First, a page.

Here are 5 key financial opportunities to explore for 2023, and how each one may affect your wallet. 

1.  Larger Contribution Limits on Retirement Accounts

In 2023, the employee deferral limit is $22,500, up from $20,500., and catch-up deposits for those 50 and older jump to $7,500, up from $6,500.  These increases also apply to 403b plans, most 457 plans and TSP's. 

2.  Tax Savings With Inflation-Adjusted Brackets 

In October of 2022, the IRS announced "some relief" with higher federal income tax brackets for 2023.  Which means you can earn more before hitting the next income bracket tier. 

Each bracket shows how much you'll owe for federal income taxes for each portion of your "taxable income," calculated by subtracting the greater of the standard or itemized deductions from your adjusted gross income. 

marginal tax brackets for 2023, married filling jointly & single individuals

The standard deduction also increases in 2023, rising to $27,700 for married couples filing jointly, up from $25,900 in 2022.  Single filers may claim $13,850 in 2023, a jump from $12,950.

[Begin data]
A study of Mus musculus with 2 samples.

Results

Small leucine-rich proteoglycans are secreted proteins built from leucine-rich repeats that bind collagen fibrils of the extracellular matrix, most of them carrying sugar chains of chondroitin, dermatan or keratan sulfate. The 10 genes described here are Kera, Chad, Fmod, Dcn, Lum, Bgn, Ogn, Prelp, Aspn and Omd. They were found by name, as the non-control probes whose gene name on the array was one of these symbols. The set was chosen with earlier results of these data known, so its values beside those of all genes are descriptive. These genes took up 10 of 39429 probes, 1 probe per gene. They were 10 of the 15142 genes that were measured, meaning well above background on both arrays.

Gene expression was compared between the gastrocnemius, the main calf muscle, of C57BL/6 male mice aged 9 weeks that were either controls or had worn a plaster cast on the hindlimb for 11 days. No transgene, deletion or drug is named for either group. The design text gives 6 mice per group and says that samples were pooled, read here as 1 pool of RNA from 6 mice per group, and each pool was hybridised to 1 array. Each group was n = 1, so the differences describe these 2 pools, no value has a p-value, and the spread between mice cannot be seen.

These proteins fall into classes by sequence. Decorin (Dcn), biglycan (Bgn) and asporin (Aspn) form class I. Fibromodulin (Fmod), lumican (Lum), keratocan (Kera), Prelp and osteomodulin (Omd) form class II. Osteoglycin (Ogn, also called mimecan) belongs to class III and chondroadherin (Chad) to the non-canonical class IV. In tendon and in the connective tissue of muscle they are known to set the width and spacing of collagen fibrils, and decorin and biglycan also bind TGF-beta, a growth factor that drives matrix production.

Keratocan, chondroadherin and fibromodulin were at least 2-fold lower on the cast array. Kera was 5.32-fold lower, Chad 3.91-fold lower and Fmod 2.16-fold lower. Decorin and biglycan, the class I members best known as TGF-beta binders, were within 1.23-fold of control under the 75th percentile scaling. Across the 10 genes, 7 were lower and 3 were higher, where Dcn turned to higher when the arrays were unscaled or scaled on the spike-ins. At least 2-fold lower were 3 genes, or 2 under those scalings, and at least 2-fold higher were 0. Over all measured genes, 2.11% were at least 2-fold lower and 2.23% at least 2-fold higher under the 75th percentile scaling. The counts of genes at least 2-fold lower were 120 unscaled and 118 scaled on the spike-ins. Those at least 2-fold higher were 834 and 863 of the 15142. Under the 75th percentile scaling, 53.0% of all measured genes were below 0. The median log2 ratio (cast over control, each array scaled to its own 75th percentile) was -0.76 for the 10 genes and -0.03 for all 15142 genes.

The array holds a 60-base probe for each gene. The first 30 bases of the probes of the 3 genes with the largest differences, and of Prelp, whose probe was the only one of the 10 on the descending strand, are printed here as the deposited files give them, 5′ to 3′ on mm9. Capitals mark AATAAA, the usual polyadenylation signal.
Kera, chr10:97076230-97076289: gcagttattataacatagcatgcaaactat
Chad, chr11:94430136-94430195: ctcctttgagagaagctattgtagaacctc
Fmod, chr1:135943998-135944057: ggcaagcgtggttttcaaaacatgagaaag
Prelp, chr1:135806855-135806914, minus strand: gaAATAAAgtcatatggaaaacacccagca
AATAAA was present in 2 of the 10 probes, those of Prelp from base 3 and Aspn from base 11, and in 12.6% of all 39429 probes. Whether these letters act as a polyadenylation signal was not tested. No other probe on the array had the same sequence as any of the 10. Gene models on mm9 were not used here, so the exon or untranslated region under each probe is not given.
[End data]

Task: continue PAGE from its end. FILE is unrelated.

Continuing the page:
3.  Higher Threshold for 0% Long-Term Capital Gains

If you're looking to sell investments in a taxable portfolio in 2023, you're less likely to trigger a bill for long-term capital gains. 

Based on inflation, the IRS also bumped up the income thresholds for 0%, 15%, and 20% long-term capital gains brackets for 2023, applying to profitable assets owned for more than one year.  This should be pretty significant....

Capital gains tax rates for 2023

For 2023, you may qualify for the 0% rate with taxable income of $44,625 or less for single filers and $89,250 or less for married couples filing together. 

4.  Higher Income Limit for Roth IRA Contributions

More Americans may be eligible in 2023 for Roth contributions because the adjusted gross income phaseout range rises to between $138,000 and $153,000 for single filers and $218,000 and $228,000 for married couples filing jointly.

5.  More Time for Required Minimum Distributions

On December 23rd, Congress passed a $1.7 trillion omnibus appropriations bill, including dozens of retirement provisions known as Secure 2.0.

One of the provisions for 2023 is a change to RMD's, which must be taken out annually from certain retirement accounts.

Currently, RMD's start when you turn 72, with a deadline of April 1 of the following year for your first withdrawal, and a Dec 31st due date for future years.  However, Secure 2.0 shifts the starting age to 73 in 2023 and age 75 in 2033.

Those already taking RMD's will not be affected, even if you're 72 right now. 

This may bring more light to the Roth conversion strategies.